Stephanie Cooper Blum wrote today’s post
I cannot believe it is Valentine’s Day and we are still talking about what transpired on Christmas.
In former Attorney General Michael Mukasey’s Feb. 12, 2010 editorial in the Washington Post, he argues that the FBI should have transferred the Christmas day bomber, Umar Farouk Abdulmutallab, into military custody as an enemy combatant because
(1) there is legal authority and precedent to do so and
(2) the administration has endangered our nation by letting the enemy know that he is cooperating.
At first blush, perhaps, these arguments have an appeal (they certainly seem to be gaining support), but I respectfully would like to question both assertions.
FIRST, Mukasey argues that the Supreme Court case Hamdi v. Rumsfeld provides authority to treat Abdulmutallab as an enemy combatant. While the plurality in that decision did hold that Hamdi could be detained as an enemy combatant as long as the government provided a chance for him to challenge that designation in a neutral forum, Mukasey omits a critical fact:
Hamdi was captured on an actual battlefield in Afghanistan.
Therefore, while Hamdi provides support that individuals caught in combat zones can be labeled “enemy combatants,” it does not provide such authority for individuals caught in peaceful civilian areas in the United States.
Furthermore, as I explained in my February 11 post , two cases are more applicable than Hamdi: Padilla and al-Marri, like Abdulmutallab, were captured by the FBI in the United States and not in a zone of combat. In both of these cases, the Bush administration transferred these individuals into military custody as enemy combatants, and in both of these cases, the Supreme Court was ultimately in a position to rule on the legality of the matter. And in both of these cases, the respective administration transferred them to the criminal justice system before a ruling.
If Hamdi (which occurred in 2004 and before Padilla and al-Marri were to reach the Supreme Court) provided legal clarity on the matter for individuals captured in peaceful civilian areas, then there would not have been legal uncertainty surrounding the underlying authority to hold Padilla and al-Marri as “enemy combatants.”
Mukasey states: “Once his former cohorts know he is providing information, they can act to make that information useless.”
In this respect, I truly wonder whether Al-Qaeda is out there pondering in some strategy session whether to change tactics based on the fact the administration says Abdulmutallab has been cooperating. If he was held incommunicado as an enemy combatant – as Mukasey seems to advocate — would the enemy assume that he was withstanding whatever interrogation methods were being used and therefore not change tactics? Would Al-Qaeda assume that no news is good news?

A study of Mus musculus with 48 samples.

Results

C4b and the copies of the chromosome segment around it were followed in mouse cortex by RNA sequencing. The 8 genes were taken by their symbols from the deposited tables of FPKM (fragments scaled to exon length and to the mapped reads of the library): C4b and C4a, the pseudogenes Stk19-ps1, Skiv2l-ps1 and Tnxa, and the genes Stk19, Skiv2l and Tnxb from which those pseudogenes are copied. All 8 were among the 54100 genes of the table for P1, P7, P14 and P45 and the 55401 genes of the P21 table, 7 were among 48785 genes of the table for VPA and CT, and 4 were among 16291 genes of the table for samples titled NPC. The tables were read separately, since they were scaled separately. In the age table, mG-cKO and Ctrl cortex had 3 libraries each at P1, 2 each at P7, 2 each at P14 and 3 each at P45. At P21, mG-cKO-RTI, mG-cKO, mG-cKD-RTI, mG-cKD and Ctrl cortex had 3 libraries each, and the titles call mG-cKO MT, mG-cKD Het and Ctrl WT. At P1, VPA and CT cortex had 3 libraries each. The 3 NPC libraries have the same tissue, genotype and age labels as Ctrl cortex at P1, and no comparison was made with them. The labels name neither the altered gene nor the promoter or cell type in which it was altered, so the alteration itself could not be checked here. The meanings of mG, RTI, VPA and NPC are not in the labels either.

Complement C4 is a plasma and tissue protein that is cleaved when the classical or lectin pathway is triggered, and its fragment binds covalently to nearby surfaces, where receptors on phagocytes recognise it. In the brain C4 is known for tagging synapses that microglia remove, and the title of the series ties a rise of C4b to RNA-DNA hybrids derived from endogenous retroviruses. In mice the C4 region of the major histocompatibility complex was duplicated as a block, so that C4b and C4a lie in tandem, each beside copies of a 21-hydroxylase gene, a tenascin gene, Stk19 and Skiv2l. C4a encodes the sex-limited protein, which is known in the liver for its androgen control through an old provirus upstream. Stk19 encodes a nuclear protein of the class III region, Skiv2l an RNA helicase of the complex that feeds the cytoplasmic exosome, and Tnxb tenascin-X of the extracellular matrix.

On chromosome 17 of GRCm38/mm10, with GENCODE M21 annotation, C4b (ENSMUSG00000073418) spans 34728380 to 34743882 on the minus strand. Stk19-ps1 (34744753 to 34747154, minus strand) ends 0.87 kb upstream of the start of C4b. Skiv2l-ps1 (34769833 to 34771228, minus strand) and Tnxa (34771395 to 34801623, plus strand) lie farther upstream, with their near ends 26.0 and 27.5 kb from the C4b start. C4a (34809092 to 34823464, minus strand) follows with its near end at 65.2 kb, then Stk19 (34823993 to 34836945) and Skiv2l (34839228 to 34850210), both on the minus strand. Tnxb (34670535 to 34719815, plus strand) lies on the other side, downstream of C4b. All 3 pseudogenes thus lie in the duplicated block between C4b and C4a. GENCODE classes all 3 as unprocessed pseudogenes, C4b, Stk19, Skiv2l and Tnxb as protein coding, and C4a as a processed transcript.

This is not some case where we secretly capture an Al-Qaeda operative and can feel confident that the enemy is not aware we are interrogating him. Abdulmutallab tried to blow up a plane over Detroit. It was a pretty public event. While I hate to speak for Al-Qaeda, I think we can safely assume that Al Qaeda realized he was compromised as soon he burned half his body without taking down the plane.
I am not trying to make light of complicated legal issues or the fact that 200 people almost lost their lives. The issues are complex and the consequences are dire, which is all the more reason I think this conversation would be more productive if it was based on facts and not half-truths.
My bet is that Al-Qaeda wished were treated as an enemy combatant, held incommunicado, subjected to coercive interrogation, and even held indefinitely because that would fuel the narrative in its favor allowing it to gain more recruits. After all, this is also a war of ideas.
If the criminal justice system can result in Abdulmutallab’s detention for life and actionable intelligence, then we get the added bonus of doing the right thing in the eyes of the international community. And that bet just may pay off in the long run.
The views in this article are the author’s and do not necessarily represent views from the Department of Homeland Security or the Department of Justice.
Stephanie Cooper Blum is an attorney for the Department of Homeland Security (DHS) where she advises on civil rights and civil liberties issues. She previously served as a member to the Department of Justice’s Task Force on Detention Policy, worked as an employment litigator for the Transportation Security Administration, and served as a law clerk to three federal judges. Ms. Blum is the author of “The Necessary Evil of Preventive Detention in the War on Terror: A Plan for a More Moderate and Sustainable Solution,” published in 2008. She holds a master’s degree in security studies from the Naval Postgraduate School, a J.D. from University of Chicago Law School and a bachelor’s degree in political science from Yale University. Ms. Blum has written various articles on homeland security issues and is an instructor at Michigan State University’s Criminal Justice School. She can be reached at scooper at] aya.yale.edu.